The objective of the so-called “Baulandvertrag” (Building land contract) bill is, on the one hand, to increase the offer of available land in order to accelerate the creation of housing and, on the other hand, to curb land speculation and the unhealthy development of housing prices as far as possible.
The role of municipal planning in housing
The amended law of 19 July 2004 on municipal planning and urban development plays a key role in the context of an obvious housing shortage, as it regulates urban organisation and municipal development.
Considering the prerogatives that municipal autonomy grants to municipal decision-makers, this legislation determines the building potential in the different municipalities. This constitutes an essential prerequisite for the development of new residential districts.
The General Development Plan (PAG), which covers the entire municipal territory, determines the future urban development of the municipality.
From the "Negativplanung” towards the "Positivplanung"
Nowadays, once the land use has been determined in the PAG, the actual implementation of a construction project depends entirely on the will of the owners.
Indeed, the current PAG does not impose any binding deadlines within which owners must start construction work. As a result, land designated as buildable often fails to be used for its intended purpose.
Furthermore, municipal authorities classify land as suitable for building, ignoring the actual intentions of the owners in question. The classifications are therefore often based on the sole criterion of conformity with the general interest, without having a guarantee of urbanisation and housing creation within a specific time frame.
This implementation of municipal planning without a participatory approach involving the owners, known as “Negativplannung”, stands in contrast to collaborative planning, known as “Positivplanung”, which encourages landowners to actively participate in urban development.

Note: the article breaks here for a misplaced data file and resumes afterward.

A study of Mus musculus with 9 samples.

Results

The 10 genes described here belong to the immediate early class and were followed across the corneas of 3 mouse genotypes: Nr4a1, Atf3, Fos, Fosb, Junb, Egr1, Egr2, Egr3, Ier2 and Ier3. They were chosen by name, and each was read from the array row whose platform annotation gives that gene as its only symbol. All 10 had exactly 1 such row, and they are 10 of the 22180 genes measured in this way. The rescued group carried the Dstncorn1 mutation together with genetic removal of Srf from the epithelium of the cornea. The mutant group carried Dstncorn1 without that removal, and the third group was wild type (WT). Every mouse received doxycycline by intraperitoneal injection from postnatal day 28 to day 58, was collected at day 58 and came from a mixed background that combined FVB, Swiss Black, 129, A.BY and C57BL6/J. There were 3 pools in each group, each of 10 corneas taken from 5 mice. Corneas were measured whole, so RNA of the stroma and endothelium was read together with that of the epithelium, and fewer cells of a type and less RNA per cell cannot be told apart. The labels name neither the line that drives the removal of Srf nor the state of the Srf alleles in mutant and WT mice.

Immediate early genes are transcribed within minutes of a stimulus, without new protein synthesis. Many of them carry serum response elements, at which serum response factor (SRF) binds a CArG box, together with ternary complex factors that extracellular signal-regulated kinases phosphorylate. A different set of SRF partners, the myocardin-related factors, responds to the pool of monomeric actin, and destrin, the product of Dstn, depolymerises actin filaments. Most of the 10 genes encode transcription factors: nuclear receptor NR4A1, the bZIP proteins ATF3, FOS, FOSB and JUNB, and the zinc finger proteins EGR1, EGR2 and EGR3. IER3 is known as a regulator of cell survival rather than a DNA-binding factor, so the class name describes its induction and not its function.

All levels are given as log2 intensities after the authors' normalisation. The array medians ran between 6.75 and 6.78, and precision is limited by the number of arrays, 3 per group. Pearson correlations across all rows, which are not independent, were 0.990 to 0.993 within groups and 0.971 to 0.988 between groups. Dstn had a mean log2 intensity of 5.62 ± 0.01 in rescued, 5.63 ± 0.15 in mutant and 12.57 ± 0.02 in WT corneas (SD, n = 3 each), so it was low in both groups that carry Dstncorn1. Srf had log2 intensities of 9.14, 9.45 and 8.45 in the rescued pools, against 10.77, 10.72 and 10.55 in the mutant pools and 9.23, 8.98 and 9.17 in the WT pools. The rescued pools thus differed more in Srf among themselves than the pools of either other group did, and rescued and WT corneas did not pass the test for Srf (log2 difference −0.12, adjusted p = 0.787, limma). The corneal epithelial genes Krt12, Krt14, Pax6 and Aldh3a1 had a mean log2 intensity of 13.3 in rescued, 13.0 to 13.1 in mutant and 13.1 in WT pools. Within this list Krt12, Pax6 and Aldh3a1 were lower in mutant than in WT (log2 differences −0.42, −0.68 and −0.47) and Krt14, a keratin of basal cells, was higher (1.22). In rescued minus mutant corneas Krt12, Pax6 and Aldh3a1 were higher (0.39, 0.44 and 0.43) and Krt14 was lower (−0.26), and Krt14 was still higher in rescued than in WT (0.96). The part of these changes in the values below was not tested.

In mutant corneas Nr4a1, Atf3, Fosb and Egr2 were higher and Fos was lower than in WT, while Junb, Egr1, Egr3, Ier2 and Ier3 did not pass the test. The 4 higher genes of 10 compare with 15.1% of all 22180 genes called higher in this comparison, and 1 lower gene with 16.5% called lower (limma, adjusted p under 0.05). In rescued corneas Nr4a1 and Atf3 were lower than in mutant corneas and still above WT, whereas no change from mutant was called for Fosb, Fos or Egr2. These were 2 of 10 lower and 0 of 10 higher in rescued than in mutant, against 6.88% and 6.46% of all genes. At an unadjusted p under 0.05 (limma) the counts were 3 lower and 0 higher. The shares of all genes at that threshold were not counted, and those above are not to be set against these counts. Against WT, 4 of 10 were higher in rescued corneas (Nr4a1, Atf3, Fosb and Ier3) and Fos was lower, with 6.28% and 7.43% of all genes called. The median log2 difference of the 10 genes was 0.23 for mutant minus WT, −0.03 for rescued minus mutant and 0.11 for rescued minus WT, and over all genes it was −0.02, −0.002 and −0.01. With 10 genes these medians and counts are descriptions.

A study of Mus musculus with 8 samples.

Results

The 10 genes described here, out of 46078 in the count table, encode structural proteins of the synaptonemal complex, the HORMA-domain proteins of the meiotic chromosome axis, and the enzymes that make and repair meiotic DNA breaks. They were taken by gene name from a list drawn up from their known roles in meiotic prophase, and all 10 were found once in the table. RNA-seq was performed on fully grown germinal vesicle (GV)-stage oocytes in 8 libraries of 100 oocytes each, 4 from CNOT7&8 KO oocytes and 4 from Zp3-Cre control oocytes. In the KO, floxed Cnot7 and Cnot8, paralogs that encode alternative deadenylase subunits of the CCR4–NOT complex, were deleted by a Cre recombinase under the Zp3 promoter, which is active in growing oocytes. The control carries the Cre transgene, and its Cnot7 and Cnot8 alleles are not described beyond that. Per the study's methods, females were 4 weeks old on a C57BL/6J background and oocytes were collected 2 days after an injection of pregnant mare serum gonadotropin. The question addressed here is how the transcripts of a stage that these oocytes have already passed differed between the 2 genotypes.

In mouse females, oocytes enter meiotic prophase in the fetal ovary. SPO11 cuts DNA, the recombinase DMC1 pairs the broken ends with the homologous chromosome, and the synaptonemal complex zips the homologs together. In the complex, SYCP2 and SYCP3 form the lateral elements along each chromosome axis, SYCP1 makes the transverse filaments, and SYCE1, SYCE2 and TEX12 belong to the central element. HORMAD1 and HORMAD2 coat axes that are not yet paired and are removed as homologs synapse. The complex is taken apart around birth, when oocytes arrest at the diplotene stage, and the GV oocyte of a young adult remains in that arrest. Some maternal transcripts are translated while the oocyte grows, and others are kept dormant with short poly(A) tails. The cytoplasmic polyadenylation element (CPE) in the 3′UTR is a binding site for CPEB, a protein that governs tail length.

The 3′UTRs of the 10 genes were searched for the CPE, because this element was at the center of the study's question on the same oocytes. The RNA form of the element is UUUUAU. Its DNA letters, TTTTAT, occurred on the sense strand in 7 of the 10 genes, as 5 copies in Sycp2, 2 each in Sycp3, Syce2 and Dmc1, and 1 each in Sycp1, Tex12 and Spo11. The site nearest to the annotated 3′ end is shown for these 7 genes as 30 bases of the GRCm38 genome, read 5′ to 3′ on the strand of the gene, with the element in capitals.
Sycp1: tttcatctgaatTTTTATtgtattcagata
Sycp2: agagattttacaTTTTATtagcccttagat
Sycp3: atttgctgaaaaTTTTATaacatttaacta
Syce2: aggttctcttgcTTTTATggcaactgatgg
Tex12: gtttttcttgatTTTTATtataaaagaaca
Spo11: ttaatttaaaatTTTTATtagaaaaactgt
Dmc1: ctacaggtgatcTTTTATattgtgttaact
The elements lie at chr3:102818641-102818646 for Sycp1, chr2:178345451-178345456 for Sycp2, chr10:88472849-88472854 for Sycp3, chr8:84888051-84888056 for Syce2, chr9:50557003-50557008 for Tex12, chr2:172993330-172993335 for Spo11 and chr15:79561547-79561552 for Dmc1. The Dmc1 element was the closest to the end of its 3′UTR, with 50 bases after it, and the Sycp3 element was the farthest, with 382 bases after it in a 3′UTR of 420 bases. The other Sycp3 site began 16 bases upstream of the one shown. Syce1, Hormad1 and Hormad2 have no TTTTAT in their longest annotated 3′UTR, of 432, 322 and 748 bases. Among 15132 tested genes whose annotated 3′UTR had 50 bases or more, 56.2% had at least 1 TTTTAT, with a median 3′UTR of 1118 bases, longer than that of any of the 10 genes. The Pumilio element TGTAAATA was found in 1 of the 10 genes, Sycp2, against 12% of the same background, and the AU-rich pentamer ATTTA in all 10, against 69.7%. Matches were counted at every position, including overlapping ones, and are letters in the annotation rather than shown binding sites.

The “Baulandvertrag” aims to accelerate the development of building plots as well as the concrete construction of housing by setting deadlines for the construction work.
Sanctions are foreseen when owners do not develop or build on their building plots within the deadlines set in the PAG. If they fail to start building housing within this period, the land in question can only be used for housing that fulfils a mission of general interest in terms of housing, particularly social housing.
In addition to sanctions, the “Baulandvertrag” also creates new written requirements in the PAG. These have the advantage of making the mechanism more transparent as the new requirements will be fixed in the PAG, a municipal regulation accessible to everyone.
Currently, the procedure for amending a PAG extends over a period of about 12 months.
In the interest of administrative simplification and in order to enable municipalities to adjust the aforementioned deadlines to the realities on the ground, the bill provides for the introduction of a simplified procedure for specific amendments to the PAG, following the example of the simplified procedure introduced by the so-called “Omnibus” law for the specific amendment of the “new district” special development plans (PAP).
In this way, the duration of the procedure for amending a PAG could be shortened to seven months, which will allow to facilitate and accelerate the offer of available land, leading to the creation of housing, including affordable housing.
Furthermore, the bill introduces a ministerial re-parcelling mechanism.
Re-parcelling can be defined as the regrouping and redistribution of land in order to reshape the existing plot plan to match the building plots as fixed in a PAP.
Practice has shown that the land covered by a PAP often has a complex plot structure and belongs to a large number of owners, which can often be a source of blockages in the creation of new residential areas.
The introduction of this new land consolidation instrument will remedy this issue.
From now on, re-parcelling will be done through a mandatory ministerial land consolidation if some of the owners disagree with a construction project.
Thus, at the request of the College of Aldermen or of one or more owners, the Minister of Home Affairs may reconfigure the plots of land to bring them in line with the prescriptions set by the PAP.
The funds of recalcitrant owners, which are necessary for the proper and rapid implementation of the PAP, may be moved and relegated to a later phase of the development. Unlike the current regime, where a single reluctant owner can block the urban development of an entire site, this new instrument will allow the execution of a large part of the PAP.
Ministerial re-parcelling will thus allow the implementation of new neighbourhood construction projects, even in the case of disagreement between individuals, to avoid the blocking of certain projects for years or even decades.
Bill No. 7139 was tabled at the Chamber of Deputies on 18 May 2017. It was substantially reworked though governmental amendments in 2020 in order to address legal loopholes and was completed by the simplified procedure of punctual modification of the PAGs.